Urine splash a real danger to dairy workers
Leptospira is spirochete, a family of disease that could loosely be called a bacterium. It comes onto the farm primarily by the introduction of an infected animal.
The disease is concentrated in the tissues of the cow, in particular the kidneys. It spreads via the urine and we must remember also that this disease is a zoonosis. That means it can spread to humans, so the dairy farmer is at particular risk as urine splash in the parlour leaves them in the direct line of fire.
The disease can enter the body via the eyes, nose or skin in general. This is all the more reason to have a vaccination programme in place to minimise the disease on the farm.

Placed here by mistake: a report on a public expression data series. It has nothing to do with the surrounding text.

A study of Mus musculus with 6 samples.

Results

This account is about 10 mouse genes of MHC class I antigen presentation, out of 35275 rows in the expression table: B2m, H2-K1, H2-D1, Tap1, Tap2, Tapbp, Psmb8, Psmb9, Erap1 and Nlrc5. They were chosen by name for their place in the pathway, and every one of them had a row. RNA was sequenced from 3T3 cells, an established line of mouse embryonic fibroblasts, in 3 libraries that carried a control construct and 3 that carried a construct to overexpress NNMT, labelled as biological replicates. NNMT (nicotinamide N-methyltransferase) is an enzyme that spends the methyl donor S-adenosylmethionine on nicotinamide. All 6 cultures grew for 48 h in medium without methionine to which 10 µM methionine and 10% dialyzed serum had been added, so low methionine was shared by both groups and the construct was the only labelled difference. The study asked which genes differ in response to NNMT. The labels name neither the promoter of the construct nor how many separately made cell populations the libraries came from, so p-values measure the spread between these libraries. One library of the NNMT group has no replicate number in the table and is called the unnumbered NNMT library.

With dairy farms increasing in size, we see more farms taking on employees to milk the cows. That further heightens the employers' requirements to protect employees from unnecessary risk. All too often we ignore ourselves in this equation.
Leptospirosis will affect cattle at any stage of their life, causing a raised temperature, a sudden drop in milk output in the lactating cow, and abortion if they are pregnant at that time.
It's the milk drop and especially the abortion that cause financial loss in the dairy enterprise.
Vaccines are readily available and very effective and should be used on all dairy farms to prevent infection. Antibiotic treatment in the face of an outbreak is used from time to time, but it is expensive, difficult to administer and usually only a way of minimising abortions in the event of a massive disease breakdown. It is always more effective to use vaccines before the outbreak rather than attempting to batten down the hatches during a storm. The common rat is also a carrier of the disease and should be controlled as part of leptospirosis prevention.